Managing your Uber or GrabCar Service

Transportation is part of a person’s life nowadays all over the world. Each one of us requires traveling or being somewhere we need to go on certain days. There are only two types of transportation we have, namely public and private vehicles.

For cars, it is mandatory to check whether all the parts are in good condition such as wheels, engine, or the muffler. In the Philippines, we may already accept (but is a negative connotation) that traffic is already part of our culture. We do what we can in order to avoid these dilemmas as much as possible. A commonly used transportation is Uber or Grabcar. But, how does one manage the service exactly? Read up on how.

Image Source: www.rappler.com

Image Source: www.rappler.com


Uber and GrabCar boomed in the Philippines just a few years ago as a form of new transportation for the public and as a type of extra business. Setting up a personal vehicle to be formally registered as an Uber or Grabcar has a number of rewards and risks. Doing this will provide extra income for the owners and drivers, at the same time, helping others through offering an alternative ride to the public but ensures safety during travel.



Before or once you decided to make your car into an Uber or Grabcar, remember that you have to settle documents and registrations on certain offices as you do it. Uber/Grabcar headquarters, LTFRB, TNC (Transport Network Companies), TVN (Transportation Vehicle Network Service), Certificate of Public Convenience (CPC), and the PAMI (Passenger Accident Management and Insurance) agency are the mandatory offices required for registering your Uber or Grabcar service. Make sure that you give them all the requirements and renew expired licenses or documents so you wouldn’t be troubled. Be aware of the sanctions such as being fined for P200,000, impound cars, confiscating, MMDA laws, and parking spots, are some of the power the authorities can do once you do something illegal. So keep in mind to be responsible and alert once your service goes out in the public to avoid these hassles.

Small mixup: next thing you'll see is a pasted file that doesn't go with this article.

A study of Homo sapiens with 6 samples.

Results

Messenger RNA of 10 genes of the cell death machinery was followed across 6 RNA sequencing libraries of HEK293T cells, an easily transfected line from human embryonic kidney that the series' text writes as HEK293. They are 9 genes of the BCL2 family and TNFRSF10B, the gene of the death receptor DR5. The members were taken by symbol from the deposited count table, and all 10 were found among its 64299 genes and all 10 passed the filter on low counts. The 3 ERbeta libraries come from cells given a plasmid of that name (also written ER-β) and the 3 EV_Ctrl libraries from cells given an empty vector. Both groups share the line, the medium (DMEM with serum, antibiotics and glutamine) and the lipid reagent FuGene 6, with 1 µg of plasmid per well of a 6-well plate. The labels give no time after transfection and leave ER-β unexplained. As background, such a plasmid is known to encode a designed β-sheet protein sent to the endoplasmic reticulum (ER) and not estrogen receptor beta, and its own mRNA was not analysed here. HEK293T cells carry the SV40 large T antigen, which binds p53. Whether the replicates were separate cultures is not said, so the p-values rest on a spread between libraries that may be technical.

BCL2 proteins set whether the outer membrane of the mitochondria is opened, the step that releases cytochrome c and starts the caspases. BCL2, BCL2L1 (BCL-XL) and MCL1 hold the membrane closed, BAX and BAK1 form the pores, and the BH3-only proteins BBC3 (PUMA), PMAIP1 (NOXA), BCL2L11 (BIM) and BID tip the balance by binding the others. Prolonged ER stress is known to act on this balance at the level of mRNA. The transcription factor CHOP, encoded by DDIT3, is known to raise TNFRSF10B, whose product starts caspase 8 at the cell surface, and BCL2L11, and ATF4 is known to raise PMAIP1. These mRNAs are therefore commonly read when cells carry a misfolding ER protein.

Image Source: www.philstar.com

Image Source: www.philstar.com


Commuters usually prefer these types of vehicles rather than taxis due to the ease of getting the right one using their fingertips on one’s phones.  Users know that to book a car is registering through the application and then pay afterwards (price is more expensive than regular public transportations). The availability of booking one depends on the time and the location of the customer but both provides you with the proper information about the vehicle and driver with GPS tracking. Both services also offers discounts and promos on certain days, so stay tuned for these to save money. Here’s the difference of both, but ensures convenience:

  • Uber
  • Accepts electronic payment (credit/debit card) and cash but you have to register a card account
  • Split-fare option
  • New cars are used (2007-2016 models)
  • UberX base fare: Php 40.00, Php 2.00/min, Php 5.70/km
  • Uber Black base fare: Php 90.00, Php 2.10/min, Php12.92/km
  • GrabCar
  • Accepts both electronic or cash payment
  • Cars aren’t 3 years old
  • Will expand in Davao and Cebu
  • GrabCar (sedan) regular fare: Php 40.00, Php 15.00/km
  • Other features: GrabTaxi, GrabExpress, GrabCar (6 seater), GrabCar+


About the Author

Jose Mari Gamboa has a degree in Advertising with a thing for businesses and investments. He has attended numerous financial focused seminars. A Car guy in his social circle, loves to eat and explore new trend of food. Jose balances indulging his cravings and a healthy lifestyle.